National Bureau of Standards Circular, Issues 569-575
1956 - Weights and measures
Page 20 - Dry Measure. — 2 pints = 1 quart; 8 quarts = 1 peck; 4 pecks = 1 bushel.
Page 18 - CUBIC MEASURE 1728 cubic inches (cu. in.) = 1 cubic foot (cu. ft.) 27 cubic feet = 1 cubic yard (cu.
Page 21 - Measures of Weight 10 milligrams (mg) =1 centigram eg 10 centigrams =1 decigram dg 10 decigrams =1 gram g 10 grams =1 dekagram Dg 10 dekagrams =1 hektogram Hg 10 hektograms =1 kilogram Kg...
Page 29 - Used in assaying. The assay ton bears the same relation to the milligram that a ton of 2,000 pounds avoirdupois bears to the ounce troy; hence the weight in milligrams of precious metal obtained from one assay ton of ore gives directly the number of troy ounces to the net ton.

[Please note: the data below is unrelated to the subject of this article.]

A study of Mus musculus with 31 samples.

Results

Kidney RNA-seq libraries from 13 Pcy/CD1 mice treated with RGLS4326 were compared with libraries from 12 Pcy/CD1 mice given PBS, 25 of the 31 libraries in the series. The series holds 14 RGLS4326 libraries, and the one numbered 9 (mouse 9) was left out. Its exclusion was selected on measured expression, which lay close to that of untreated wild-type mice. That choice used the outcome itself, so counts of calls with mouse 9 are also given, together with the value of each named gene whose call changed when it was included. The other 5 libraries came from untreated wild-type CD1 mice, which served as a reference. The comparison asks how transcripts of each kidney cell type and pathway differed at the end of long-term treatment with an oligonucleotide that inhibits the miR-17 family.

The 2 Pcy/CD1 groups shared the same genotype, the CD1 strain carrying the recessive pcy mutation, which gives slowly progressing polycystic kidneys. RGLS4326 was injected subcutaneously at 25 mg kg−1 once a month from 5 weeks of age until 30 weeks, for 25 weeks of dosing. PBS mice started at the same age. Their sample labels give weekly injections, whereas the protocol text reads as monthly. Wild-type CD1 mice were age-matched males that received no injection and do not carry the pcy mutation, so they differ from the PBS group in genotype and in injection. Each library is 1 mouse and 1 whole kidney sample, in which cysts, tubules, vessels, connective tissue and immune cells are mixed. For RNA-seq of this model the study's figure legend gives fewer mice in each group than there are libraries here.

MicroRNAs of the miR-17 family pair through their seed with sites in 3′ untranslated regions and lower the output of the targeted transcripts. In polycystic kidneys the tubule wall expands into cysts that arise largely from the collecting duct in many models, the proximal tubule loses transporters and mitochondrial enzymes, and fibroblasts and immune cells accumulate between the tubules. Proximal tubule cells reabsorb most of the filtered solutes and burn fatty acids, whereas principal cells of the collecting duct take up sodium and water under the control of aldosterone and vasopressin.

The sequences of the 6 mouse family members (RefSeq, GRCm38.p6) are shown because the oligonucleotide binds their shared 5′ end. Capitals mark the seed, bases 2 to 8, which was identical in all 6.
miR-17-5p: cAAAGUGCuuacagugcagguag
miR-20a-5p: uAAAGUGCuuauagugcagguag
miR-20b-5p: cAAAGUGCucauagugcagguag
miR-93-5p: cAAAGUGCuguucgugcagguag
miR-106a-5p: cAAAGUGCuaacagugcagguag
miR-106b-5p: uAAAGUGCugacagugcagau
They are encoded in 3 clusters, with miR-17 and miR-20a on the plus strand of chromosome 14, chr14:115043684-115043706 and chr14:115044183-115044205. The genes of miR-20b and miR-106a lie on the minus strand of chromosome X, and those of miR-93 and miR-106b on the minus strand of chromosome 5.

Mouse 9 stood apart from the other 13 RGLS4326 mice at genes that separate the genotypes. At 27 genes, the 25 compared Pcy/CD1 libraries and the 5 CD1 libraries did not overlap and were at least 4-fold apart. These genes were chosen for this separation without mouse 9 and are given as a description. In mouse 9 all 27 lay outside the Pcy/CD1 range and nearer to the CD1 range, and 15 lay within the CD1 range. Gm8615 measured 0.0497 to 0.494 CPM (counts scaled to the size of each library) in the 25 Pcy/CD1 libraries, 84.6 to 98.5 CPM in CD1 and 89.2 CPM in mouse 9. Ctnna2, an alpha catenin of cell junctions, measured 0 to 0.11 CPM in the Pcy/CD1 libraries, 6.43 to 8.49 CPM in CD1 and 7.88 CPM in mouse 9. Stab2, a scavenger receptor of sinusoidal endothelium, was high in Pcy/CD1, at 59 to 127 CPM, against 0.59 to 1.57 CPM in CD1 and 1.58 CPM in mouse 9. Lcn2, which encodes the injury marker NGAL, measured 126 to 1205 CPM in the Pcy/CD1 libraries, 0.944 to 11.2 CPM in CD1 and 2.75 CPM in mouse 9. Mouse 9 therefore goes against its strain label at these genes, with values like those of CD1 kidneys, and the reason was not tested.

Page 12 - When an equal-arm balance is used to compare an object with standards of mass ("weights"), the effects of variations in the acceleration of gravity are self-eliminating and need not be taken into account, but the apparent mass of the object is slightly different from the true mass because of the buoyant effects of the surrounding air. Mass can then be computed from apparent mass by applying a correction for air buoyancy. When a spring balance is used, an additional correction accounting for the local...
Page 4 - The essential features of the system were embodied in a report made to the French National Assembly by the Academy of Sciences in 1791. A number of other nations were invited to cooperate with France in establishing the new system, and Holland, Denmark...
Page 18 - LIQUID MEASURE When necessary to distinguish the liquid pint or quart from the dry pint or quart, the word "liquid" or the abbreviation "liq" should be used in combination with the name or abbreviation of the liquid unit.